One of the most common types of back pain is lumbago - pain in the lumbar or lower-back region. This part of the back moves the most and so is under the most pressure when a person is sitting or lifting. This may result in muscle spasm or strain. If the pain persists, visit your GP. In the meantime, consider taking anti-inflammatory pain relief tablets such as ibuprofen.
Lower back pain is the most common type of back pain as thelower part of the back supports the entire weight of the upper body. Around 8/10 people are affected by lower back pain at some point. It is often triggered by bending awkwardly, lifting incorrectly, standing for long periods of time, slouching when sitting and driving for long periods (in a seat that is too low) without taking a break.
Different types of back pain:
The most common form of back ache is usually felt in the lower back and is called lumbago. However it is worth noting that lumbago can be felt anywhere along the spine and isn’t solely related to the lower back area. Lumbago can also show up as upper and middle back pain, which is caused mainly as a result of poor posture.
Neck pain tends to develop as a result of excess strain on the neck; this can be due to slouching, sleeping in an awkward position or working at a computer for long periods of time.
A slipped disc is when one of the discs in the spinal cord tears and becomes herniated, allowing a portion of the damaged disc to bulge out and put pressure on the nerves in the spine or back. The pressure on the nerves creates a tingling, numb sensation that can cause anything from severe pain to only slight discomfort.
Pain in the buttocks and legs, or sciatica; this type of pain is caused when the sciatic nerve is compressed; commonly this can caused by a slipped disc, although a slipped dis doesn’t always mean that you will get sciatica or vice versa.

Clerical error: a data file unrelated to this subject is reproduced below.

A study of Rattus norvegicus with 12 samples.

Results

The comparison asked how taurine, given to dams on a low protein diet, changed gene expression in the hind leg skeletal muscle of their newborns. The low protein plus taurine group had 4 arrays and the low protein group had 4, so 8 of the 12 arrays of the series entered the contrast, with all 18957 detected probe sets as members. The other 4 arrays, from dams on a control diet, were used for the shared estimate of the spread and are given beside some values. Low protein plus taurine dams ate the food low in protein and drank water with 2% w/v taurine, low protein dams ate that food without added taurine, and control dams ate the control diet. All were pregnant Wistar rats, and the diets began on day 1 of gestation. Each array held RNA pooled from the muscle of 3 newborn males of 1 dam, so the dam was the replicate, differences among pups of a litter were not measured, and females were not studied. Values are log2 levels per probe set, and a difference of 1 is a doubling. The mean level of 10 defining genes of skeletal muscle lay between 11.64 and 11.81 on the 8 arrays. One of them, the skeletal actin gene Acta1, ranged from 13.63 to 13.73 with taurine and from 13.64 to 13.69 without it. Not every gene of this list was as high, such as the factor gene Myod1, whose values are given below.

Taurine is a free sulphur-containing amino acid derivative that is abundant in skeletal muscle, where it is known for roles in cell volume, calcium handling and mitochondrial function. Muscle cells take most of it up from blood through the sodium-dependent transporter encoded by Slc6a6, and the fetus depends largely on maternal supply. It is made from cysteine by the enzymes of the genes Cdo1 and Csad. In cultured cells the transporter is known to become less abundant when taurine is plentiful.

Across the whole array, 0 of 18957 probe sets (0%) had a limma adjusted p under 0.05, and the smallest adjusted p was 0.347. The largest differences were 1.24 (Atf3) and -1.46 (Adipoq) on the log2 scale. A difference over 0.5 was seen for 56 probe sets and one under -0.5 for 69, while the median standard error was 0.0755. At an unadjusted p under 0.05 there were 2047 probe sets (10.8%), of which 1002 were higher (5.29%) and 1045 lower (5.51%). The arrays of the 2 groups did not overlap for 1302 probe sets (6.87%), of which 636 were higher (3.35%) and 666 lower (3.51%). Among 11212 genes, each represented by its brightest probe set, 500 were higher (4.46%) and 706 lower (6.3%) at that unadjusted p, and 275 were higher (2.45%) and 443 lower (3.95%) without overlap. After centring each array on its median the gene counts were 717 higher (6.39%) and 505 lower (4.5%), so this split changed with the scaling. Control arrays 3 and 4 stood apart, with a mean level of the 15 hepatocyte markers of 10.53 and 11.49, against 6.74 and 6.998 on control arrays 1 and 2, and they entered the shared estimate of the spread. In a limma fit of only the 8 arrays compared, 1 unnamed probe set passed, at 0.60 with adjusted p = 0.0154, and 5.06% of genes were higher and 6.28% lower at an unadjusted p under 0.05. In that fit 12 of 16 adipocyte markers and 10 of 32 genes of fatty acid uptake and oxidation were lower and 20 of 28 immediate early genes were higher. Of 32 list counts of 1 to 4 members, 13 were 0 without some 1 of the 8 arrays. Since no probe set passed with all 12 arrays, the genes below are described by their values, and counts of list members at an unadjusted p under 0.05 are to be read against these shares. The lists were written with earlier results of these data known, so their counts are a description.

Whiplash is a form of pain in the upper back, neck and shoulders that is commonly caused by high impact injuries such as those caused by playing contact sports or being in a car crash or other type of high impact collision.
- Lack of exercise:
Weak tummy muscles may be a factor as these muscles work with your back muscles to stabilise your spine. Exercise such as Yoga and Pilates can strengthen these ‘core' muscles
- Poor posture:
Poor posture can make backache worse. Make sure that your posture is good when sitting, standing, driving and working
Driving subjects the body to continual vibration and many of us sit badly when at the wheel
- Heavy physical activity:
including lifting and handling of heavy loads is a major factor in making back pain worse
How to Manage Bad Back Pain?
There are a number of things you can do to manage back pain:
Keeping active is important as resting can allow the muscles in the back to weaken and delay recovery. Gentle stretching can help to ease discomfort as well as strengthening muscles in your back.
Over the counter painkillers such as paracetamol or ibuprofen can be taken to relieve symptoms. There are also anti-inflammatory creams and gels available that can be rubbed onto the affected area. Speak to your pharmacist who will be able to give you advice and recommend the most appropriate product.
Hot and cold packs can be bought from pharmacies and your pharmacist will be able to recommend the most appropriate one for you; hot packs tend to be more effective for back pain resulting from a sprain or tear, and cold packs if the pain is caused by inflammation.
Physiotherapy is sometimes beneficial depending on the type of back injury you have sustained.
If you are suffering from of the more minor symptoms and they don’t improve within 6 weeks then please consult with your GP. If you think you are suffering from one of the more major issues such as a slipped disc or a frozen shoulder then please contact your GP at the earliest possible opportunity.